The Centers for Disease Control and Prevention expanded eligibility to more than 7 million New Yorkers from 5 million “practically overnight,” Cuomo said Monday in a letter to Pfizer Chief Executive Officer Albert Bourla. At the same time, the CDC hasn’t increased — and in some cases reduced — the supply to states. New York will get 250,000 doses this week, 50,000 fewer than last week.
At that rate, it would take seven months to inoculate those eligible, Cuomo said during a subsequent press briefing. Pfizer is supplying the federal government with 200 million doses of the vaccine after receiving emergency use authorization.
No state has ever purchased vaccines directly from the producer, but “my job is to pursue every avenue,” Cuomo said. He declined to say how many doses he was seeking or how he’ll pay for it, telling reporters, “First things first. First they have to agree.” Michigan Governor Gretchen Whitmer also is seeking to buy vaccines directly from Pfizer.
The company said it’s open to collaborating with the U.S. Department of Health and Human Services in a way “that will allow the drugmaker to quickly distribute its vaccine to as many Americans as possible.”
“However, before we can even consider direct sales to state governments, HHS would need to approve that proposal based on the EUA granted to Pfizer by the FDA,” the New York-based company said in a statement.
Cuomo also said the state will give fewer or no new doses to health-care facilities that are slow to administer the vaccine, while those that are faster will get more. He pointed to a wide disparity of administration, with many places using all of their allotment and others distributing 20% to 50%.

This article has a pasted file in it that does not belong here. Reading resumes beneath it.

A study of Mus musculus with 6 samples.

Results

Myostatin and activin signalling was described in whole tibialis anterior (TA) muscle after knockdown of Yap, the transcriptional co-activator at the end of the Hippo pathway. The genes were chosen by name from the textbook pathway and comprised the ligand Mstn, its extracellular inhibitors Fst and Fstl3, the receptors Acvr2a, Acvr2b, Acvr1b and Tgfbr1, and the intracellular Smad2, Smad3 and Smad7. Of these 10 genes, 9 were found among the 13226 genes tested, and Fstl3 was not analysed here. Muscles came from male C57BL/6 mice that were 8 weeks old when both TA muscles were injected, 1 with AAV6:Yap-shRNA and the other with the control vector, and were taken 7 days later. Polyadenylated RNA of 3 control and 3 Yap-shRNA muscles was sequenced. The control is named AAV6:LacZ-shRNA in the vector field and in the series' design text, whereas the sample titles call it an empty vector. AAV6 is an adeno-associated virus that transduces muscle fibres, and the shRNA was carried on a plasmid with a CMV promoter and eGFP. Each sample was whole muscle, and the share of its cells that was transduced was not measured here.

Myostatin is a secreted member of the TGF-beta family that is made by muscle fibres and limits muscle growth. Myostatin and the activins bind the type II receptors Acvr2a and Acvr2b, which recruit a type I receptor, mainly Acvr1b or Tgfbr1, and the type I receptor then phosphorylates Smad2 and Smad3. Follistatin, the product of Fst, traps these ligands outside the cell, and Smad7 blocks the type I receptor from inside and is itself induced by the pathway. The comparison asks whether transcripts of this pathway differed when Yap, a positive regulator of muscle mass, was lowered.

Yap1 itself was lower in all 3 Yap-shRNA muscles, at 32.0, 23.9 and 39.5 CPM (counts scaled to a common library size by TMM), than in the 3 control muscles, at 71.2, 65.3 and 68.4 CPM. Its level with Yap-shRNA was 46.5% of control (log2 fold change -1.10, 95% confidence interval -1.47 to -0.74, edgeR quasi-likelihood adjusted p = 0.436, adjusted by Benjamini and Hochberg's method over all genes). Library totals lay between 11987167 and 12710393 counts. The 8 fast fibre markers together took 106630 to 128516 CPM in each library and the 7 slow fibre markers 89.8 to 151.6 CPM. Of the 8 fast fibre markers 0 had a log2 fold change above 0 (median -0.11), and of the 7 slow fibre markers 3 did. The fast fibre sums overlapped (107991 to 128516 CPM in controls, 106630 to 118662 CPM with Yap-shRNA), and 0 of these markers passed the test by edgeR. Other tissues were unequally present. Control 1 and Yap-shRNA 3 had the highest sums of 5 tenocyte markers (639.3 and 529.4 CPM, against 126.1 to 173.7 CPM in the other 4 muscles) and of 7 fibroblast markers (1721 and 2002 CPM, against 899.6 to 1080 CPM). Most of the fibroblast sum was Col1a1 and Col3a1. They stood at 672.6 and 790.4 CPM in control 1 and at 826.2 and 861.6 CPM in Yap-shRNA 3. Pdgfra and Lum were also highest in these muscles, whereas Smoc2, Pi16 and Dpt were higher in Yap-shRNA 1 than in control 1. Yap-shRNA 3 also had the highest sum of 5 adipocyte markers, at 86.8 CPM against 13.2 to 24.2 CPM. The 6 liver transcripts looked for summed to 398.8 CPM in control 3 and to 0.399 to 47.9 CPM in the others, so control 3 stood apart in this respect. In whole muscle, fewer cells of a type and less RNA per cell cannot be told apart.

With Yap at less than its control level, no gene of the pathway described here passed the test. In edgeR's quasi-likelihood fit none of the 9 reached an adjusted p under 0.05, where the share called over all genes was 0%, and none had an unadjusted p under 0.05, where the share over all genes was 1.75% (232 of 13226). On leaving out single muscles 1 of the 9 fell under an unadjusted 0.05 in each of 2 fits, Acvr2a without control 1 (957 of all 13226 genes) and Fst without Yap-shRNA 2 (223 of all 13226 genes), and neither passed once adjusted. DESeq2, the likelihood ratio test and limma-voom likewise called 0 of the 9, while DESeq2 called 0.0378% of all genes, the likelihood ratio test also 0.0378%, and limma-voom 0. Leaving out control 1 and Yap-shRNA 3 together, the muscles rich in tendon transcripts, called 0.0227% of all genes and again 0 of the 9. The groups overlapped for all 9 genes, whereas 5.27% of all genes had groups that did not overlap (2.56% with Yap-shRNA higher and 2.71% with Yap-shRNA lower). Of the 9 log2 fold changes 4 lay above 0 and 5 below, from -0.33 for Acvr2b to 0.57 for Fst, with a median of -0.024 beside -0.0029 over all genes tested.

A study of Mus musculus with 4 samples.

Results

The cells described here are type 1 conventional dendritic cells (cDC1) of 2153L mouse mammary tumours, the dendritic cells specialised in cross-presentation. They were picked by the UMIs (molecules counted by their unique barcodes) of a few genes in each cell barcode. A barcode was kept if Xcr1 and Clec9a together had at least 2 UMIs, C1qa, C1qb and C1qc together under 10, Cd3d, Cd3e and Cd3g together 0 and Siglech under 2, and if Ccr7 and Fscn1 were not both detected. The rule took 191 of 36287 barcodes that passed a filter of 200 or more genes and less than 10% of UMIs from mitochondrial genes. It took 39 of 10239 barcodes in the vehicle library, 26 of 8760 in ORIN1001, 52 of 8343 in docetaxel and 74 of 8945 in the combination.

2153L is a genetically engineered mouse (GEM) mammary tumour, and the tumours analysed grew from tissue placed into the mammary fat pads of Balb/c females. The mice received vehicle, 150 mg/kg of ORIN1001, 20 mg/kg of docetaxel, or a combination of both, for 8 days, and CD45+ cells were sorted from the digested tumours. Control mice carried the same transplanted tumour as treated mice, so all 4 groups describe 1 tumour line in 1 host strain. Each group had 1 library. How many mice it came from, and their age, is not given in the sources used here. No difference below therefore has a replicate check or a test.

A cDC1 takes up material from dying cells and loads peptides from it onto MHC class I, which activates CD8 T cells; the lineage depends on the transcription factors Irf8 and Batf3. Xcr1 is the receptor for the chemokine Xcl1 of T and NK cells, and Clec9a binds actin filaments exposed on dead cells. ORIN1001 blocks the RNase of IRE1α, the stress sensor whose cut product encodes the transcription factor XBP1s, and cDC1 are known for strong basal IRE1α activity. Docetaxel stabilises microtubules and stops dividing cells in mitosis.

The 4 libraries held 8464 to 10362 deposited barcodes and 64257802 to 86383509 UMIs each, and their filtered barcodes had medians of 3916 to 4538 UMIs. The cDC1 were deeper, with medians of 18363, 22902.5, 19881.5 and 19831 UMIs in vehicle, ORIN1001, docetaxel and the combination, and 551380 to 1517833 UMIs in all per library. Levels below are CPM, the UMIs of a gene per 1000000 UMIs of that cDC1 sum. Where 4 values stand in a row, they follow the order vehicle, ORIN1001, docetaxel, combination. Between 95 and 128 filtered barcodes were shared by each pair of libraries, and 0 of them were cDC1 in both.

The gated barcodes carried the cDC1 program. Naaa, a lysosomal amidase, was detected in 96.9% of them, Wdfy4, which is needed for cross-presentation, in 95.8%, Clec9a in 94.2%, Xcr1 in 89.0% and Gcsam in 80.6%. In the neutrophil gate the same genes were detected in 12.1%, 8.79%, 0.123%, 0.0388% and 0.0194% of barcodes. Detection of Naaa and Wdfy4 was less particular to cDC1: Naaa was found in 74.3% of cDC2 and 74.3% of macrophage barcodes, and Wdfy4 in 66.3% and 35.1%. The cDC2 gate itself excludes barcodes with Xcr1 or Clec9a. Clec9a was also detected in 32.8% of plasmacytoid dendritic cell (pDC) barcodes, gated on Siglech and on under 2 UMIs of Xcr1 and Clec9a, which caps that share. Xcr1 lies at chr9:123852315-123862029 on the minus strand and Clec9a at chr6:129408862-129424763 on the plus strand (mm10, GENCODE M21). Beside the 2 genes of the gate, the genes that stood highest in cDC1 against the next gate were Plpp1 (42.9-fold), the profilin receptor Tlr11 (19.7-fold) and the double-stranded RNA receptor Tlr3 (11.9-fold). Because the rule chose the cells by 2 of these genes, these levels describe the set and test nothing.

“Places that get it out first will get priority,” he said. All facilities will have enough doses for their staff, he said.
New York has ramped up its vaccine administration over the past five weeks, from about 35,000 during the first week to 330,000 last week, the governor said. To date, more than 1 million doses have been administered.
The state is in a “footrace” with the vaccination rate and the Covid infection rate, Cuomo said. The state’s positivity rate is down statewide, and the hospitalization rate is slowing. Still, new variants of the virus could bring another wave, he said. He urged the government to immediately begin testing all international travelers and to stop those coming from the U.K., South Africa and Brazil, where variants have emerged.